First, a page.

Trying to hit an imaginary ball positioned four to five inches behind the real one helps you create the perfect divot.
Leonard Kamsler
By Dave Pelz
Thursday, May 05, 2011

Year after year we receive questions and concerns from students and readers about how to consistently and reliably escape from greenside sand. This isn't very surprising — in an extensive poll taken exclusively for my new book, Golf Without Fear, players just like you voted the bunker shot one of the most feared shots in golf.

In this instruction manual I tackle the ten most feared shots using a unique perspective, brought to life with the "golfer's-eye view" camera angle developed by Leonard Kamsler, a legendary photographer who has shot most of my instruction over the years. We use the golfer's-eye view because seeing shots from a new perspective may be just what you need to shake up your game and get you back on the right track, especially if you've been struggling with shots on the course.

Take, for example, the standard bunker blast from a good lie in sand. Instead of just walking into the hazard and addressing your ball as it lies there, try addressing a second, imaginary ball behind the real one. Set your imaginary ball about 4 to 5 inches behind the real ball, and address it as though it were sitting on an imaginary line running out from the middle of your stance. This will automatically position the real ball forward in your stance.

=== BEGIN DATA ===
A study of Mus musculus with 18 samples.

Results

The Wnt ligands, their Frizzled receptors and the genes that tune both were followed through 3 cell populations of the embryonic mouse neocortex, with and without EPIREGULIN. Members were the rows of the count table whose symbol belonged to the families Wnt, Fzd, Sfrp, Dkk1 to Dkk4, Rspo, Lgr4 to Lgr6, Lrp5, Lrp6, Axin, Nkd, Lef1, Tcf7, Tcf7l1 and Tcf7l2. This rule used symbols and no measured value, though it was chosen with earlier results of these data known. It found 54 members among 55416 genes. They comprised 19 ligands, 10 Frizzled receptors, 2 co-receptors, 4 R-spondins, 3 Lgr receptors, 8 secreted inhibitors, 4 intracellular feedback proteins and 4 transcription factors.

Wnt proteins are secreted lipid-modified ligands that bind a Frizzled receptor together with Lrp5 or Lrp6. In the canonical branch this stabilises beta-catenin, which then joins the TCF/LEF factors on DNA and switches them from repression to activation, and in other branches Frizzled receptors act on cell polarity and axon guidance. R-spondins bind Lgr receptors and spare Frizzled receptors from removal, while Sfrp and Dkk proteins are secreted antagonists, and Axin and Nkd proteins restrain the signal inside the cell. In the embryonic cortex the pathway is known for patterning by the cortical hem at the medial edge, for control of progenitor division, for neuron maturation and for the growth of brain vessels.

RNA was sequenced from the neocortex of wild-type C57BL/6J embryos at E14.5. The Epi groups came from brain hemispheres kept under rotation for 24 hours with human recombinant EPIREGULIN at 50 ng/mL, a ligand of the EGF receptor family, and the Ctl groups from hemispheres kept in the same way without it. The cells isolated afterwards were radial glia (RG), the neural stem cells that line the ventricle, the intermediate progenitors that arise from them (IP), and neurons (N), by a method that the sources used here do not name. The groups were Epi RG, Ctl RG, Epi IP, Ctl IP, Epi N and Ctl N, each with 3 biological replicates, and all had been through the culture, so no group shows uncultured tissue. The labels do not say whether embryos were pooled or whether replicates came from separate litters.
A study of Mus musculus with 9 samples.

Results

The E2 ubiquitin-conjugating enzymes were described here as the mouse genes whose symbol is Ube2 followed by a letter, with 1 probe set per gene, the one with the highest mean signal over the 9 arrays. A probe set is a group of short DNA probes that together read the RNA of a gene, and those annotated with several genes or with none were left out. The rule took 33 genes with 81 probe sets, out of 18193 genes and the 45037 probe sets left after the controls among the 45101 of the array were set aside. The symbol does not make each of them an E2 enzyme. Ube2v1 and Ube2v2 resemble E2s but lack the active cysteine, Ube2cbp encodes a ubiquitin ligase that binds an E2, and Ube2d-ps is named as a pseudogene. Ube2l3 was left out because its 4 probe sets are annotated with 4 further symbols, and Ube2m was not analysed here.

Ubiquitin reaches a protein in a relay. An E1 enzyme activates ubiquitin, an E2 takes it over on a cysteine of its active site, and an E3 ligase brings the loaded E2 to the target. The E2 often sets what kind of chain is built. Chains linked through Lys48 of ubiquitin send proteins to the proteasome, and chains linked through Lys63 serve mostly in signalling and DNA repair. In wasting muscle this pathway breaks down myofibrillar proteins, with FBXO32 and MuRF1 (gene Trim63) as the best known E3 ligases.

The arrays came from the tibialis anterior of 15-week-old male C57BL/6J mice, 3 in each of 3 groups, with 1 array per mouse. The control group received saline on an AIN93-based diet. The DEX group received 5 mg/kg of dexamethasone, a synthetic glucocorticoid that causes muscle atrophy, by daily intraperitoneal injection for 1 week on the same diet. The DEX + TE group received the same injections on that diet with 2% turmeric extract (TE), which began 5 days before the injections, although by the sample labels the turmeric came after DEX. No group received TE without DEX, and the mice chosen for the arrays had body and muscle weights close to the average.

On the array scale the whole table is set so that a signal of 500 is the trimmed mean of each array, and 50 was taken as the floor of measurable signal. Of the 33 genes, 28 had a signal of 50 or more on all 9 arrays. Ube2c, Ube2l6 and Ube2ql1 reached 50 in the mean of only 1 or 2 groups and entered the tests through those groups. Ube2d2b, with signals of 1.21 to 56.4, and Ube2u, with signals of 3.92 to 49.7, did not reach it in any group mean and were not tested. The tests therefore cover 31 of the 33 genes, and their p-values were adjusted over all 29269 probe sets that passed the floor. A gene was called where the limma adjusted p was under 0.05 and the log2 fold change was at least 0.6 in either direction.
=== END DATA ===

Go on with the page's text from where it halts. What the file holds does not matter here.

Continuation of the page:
Next, rotate the face of your wedge open (to the right) and regrip it in the new position. Aim your stance slightly left of the flagstick, and then try to hit the imaginary ball while swinging along your stance line using a three-quarter motion. Make sure you hit the imaginary ball flush, not behind it, just like you would for a normal wedge shot from grass.

Notice how this technique leaves a divot just beyond where the imaginary ball was sitting — but directly underneath the real ball. This is textbook. And because the clubface was open, it easily scooted under and past the real ball without digging, floating it up and out on a nice cushion of sand.